Subject: Re: [boost] ABI issues with -std
From: Gavin Lambert (boost_at_[hidden])
Date: 2018-08-20 07:28:46
On 20/08/2018 16:46, Edward Diener wrote:
> On 8/19/2018 4:37 PM, Peter Dimov wrote:
>> But if you compile the library with C++03, and the user code with
>> C++11, it doesn't. The user code tries to call Y::f(X&&), and it's not
> I do not think this will occur. If the shared library is statically
> loaded the linker will resolve the issue and tell you that Y::f(X&&) is
> not there at link time, and if the shared library is dynamically loaded
> whatever functionality which you call at run-time to get the address of
> Y::f(X&&) will fail.
> I can see the case where you expect a call to resolve to Y::f(X&&) but
> because the library is built as c++03 it resolves to Y::f(X const &)
> instead, but that is to be expected unless the end-user does not know
> that he is using a c++03 shared library.
The problem is that the headers are compiled as C++11 (because they're
included by that translation unit) while the source was compiled as C++03.
Thus this is a link error -- the header specified that the move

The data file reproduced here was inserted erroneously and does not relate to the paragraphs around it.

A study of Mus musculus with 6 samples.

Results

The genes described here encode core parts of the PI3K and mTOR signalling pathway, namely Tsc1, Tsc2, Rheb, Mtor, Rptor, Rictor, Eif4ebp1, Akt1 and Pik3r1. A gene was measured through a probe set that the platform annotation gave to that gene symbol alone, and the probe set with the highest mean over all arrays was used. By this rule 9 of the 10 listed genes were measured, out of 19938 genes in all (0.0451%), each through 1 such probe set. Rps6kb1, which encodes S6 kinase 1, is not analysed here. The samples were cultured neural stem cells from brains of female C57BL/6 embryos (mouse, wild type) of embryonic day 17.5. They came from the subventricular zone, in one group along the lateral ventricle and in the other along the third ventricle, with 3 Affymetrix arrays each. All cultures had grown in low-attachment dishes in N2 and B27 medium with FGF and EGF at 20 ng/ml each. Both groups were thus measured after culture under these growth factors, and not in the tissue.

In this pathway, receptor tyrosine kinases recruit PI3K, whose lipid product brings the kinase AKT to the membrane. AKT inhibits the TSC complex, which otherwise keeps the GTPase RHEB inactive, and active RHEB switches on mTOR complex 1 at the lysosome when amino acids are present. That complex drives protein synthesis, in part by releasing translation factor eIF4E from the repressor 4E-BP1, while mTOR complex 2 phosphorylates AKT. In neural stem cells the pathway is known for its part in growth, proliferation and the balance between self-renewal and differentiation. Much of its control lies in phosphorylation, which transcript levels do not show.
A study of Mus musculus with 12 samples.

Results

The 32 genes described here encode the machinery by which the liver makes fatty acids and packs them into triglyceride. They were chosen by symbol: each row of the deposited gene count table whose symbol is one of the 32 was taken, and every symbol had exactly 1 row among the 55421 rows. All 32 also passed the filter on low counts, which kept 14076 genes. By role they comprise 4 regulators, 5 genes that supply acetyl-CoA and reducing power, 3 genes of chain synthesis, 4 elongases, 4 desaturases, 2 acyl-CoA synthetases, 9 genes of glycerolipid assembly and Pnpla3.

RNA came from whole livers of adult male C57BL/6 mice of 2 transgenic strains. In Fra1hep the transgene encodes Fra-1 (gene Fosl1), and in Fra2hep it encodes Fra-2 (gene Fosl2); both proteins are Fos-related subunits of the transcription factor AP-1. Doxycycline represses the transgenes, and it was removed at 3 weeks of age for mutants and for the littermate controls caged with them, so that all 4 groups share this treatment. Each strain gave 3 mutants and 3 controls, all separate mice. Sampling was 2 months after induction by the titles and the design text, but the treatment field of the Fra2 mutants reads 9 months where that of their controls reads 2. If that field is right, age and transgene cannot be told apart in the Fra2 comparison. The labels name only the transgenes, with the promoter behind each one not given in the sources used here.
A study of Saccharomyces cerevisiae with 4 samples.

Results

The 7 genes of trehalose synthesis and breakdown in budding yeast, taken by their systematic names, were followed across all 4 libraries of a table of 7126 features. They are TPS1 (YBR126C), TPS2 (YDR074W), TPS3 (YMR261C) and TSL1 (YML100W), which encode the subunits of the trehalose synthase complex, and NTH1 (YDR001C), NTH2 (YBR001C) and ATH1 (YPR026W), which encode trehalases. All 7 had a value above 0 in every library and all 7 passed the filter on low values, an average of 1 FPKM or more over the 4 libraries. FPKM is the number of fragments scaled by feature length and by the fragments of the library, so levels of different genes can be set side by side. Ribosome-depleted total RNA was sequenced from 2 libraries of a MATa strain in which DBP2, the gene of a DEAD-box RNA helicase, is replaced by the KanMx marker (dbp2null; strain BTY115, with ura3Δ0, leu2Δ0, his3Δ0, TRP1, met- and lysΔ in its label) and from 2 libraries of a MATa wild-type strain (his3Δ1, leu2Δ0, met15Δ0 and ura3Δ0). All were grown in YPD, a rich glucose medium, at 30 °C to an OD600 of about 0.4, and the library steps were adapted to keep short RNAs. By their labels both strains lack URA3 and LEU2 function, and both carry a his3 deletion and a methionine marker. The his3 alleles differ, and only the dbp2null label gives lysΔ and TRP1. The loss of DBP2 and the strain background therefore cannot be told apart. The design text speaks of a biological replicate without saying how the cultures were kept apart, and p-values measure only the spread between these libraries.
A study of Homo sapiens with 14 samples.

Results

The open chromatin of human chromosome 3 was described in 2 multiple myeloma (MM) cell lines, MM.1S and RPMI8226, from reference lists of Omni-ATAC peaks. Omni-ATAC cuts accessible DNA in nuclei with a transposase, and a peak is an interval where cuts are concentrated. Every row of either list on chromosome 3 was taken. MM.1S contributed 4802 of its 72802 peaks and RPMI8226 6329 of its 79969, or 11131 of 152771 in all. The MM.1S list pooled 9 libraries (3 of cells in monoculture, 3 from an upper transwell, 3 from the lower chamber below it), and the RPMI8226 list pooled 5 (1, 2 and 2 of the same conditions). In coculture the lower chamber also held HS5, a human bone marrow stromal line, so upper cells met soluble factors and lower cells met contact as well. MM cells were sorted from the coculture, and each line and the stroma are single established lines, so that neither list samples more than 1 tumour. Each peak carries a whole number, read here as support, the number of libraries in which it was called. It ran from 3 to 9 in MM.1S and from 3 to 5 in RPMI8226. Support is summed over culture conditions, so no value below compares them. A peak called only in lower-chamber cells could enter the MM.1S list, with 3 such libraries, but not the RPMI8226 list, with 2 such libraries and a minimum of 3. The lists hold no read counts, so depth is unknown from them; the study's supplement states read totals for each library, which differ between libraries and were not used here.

constructor should be present, but the compiled library does not contain it.
> I am not saying that it is not a problem when a library with the same
> name is rebuilt with different public functionality for an end-user of
> that library. This can theoretically occur in much more minute ways than
> just changing the level of C++ standard support. Are you arguing that
> the final name of a Boost shared library should be different depending
> on its C++ standard support level ?
Yes, there are a lot more things that can cause the exact same problem
-- this is one of the reasons why the Windows builds include so many
different "ABI altering" flags in their names.
Historically Linux hasn't had to worry about this as much since
"everything" is compiled from source using the same compilers and
libraries -- except when they aren't.